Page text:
The Food and Drug Administration has accepted two new drug applications (NDAs) for the HIV medication called doravirine. Doravirine is a new NNRTI or non-nucleoside reverse transcriptase inhibitor that completed two 48-week studies in 2017. If both NDAs are approved, doravirine could be available this year as a one-drug pill and in combination with other meds as a single tablet regimen.
The first study, DRIVE-FORWARD, compared doravirine to the boosted protease inhibitor darunavir (Prezista) in 769 people who were new to treatment. All participants also took either emtricitabine/tenofovir (Truvada) or abacavir/lamivudine (Epizcom).
At 48 weeks, those at undetectable levels were similar in both groups (84% doravirine vs. 80% darunavir). CD4 gains were also similar (198 vs. 188, respectively). Both regimens were safe and well tolerated with similar rates of side effects.
The second study, DRIVE-AHEAD, compared a single table regimen of doravirine + lamivudine + tenofovir against efavirenz/emtricitabine/tenofovir (Atripla) in 364 people who were new to treatment.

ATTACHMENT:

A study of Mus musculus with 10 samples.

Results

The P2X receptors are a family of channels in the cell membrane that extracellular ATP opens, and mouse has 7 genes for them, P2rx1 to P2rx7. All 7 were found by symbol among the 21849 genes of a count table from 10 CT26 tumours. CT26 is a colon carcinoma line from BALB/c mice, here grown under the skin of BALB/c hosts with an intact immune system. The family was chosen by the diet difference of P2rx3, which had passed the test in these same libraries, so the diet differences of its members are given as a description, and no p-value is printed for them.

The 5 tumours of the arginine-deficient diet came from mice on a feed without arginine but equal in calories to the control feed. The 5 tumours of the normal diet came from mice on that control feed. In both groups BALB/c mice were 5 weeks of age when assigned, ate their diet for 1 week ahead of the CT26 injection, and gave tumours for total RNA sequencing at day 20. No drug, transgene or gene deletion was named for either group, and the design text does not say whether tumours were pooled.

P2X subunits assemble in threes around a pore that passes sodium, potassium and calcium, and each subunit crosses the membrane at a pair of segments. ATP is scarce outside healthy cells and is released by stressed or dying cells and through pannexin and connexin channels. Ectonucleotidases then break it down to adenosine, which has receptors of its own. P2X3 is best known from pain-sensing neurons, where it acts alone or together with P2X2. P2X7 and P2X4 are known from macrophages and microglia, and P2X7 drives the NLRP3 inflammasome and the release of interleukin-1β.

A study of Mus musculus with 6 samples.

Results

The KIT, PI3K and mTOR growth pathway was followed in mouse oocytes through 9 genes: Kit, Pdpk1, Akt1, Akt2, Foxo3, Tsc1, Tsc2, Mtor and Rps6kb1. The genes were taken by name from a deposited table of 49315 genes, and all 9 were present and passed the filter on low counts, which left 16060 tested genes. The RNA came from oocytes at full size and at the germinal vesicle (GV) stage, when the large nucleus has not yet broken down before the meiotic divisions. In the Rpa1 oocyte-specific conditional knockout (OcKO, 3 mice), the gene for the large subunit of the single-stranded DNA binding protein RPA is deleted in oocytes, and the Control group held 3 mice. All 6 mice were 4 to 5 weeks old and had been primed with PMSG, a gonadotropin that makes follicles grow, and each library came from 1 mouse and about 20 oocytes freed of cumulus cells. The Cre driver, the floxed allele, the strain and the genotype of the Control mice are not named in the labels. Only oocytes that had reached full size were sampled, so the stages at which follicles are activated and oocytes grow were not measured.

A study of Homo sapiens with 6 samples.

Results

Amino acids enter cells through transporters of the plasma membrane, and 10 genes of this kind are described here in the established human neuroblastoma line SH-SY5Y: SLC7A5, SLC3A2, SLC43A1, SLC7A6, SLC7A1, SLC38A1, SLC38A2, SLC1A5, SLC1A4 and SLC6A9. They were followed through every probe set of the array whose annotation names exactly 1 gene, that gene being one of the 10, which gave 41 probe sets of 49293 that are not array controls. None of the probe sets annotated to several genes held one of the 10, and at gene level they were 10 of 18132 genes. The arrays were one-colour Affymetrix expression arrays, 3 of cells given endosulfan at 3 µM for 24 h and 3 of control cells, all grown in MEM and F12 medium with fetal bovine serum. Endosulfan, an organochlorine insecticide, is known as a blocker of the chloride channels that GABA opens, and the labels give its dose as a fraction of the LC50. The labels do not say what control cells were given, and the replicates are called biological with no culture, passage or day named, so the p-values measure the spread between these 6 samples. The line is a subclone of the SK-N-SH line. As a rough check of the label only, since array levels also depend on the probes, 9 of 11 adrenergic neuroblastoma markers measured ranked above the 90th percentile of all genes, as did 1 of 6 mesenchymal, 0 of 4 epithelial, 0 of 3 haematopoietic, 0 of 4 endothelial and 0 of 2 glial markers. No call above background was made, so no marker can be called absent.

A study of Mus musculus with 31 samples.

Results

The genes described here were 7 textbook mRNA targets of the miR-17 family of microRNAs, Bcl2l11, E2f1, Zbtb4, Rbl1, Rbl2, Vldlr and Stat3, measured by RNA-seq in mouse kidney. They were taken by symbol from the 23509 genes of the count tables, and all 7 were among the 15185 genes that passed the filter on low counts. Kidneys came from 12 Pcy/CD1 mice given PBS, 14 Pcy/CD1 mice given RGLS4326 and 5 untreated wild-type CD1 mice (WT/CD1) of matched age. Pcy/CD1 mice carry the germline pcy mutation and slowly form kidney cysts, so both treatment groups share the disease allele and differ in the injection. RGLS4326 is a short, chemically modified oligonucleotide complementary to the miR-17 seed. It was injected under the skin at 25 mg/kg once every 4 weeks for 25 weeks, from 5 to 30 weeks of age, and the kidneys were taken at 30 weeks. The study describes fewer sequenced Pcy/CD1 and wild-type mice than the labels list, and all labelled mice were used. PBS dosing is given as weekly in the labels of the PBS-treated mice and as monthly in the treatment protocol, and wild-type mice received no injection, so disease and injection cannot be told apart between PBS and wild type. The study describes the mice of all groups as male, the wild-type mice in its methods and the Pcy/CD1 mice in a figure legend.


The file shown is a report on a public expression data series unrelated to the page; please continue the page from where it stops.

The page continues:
At 48 weeks, those at undetectable levels were similar in both groups (84% doravirine vs. 81% efavirenz). CD4 gains were also similar (193 vs. 186, respectively). Fewer people quit the doravirine regimen (9.6%) than those on efavirenz (13.7%) for reasons other than virologic failure. Both regimens were safe and well tolerated with similar rates of side effects.
Results from both of these studies are included in the NDAs to the FDA. A third study, DRIVE-SHIFT, is currently looking at moving people from a regimen with stable control of HIV over to the single tablet regimen doravirine/lamivudine/tenofovir. Two other studies are evaluating doravirine in people new to treatment but with transmitted resistance to NNRTIs and in people who want to switch from an efavirenz regimen due to side effects. Therefore, more data will be released over the next couple of years that will provide more guidance on how to best use doravirine among the current toolbox of treatment options.
Read Project Inform’s previous coverage of released study data on doravirine from the 2017 CROI.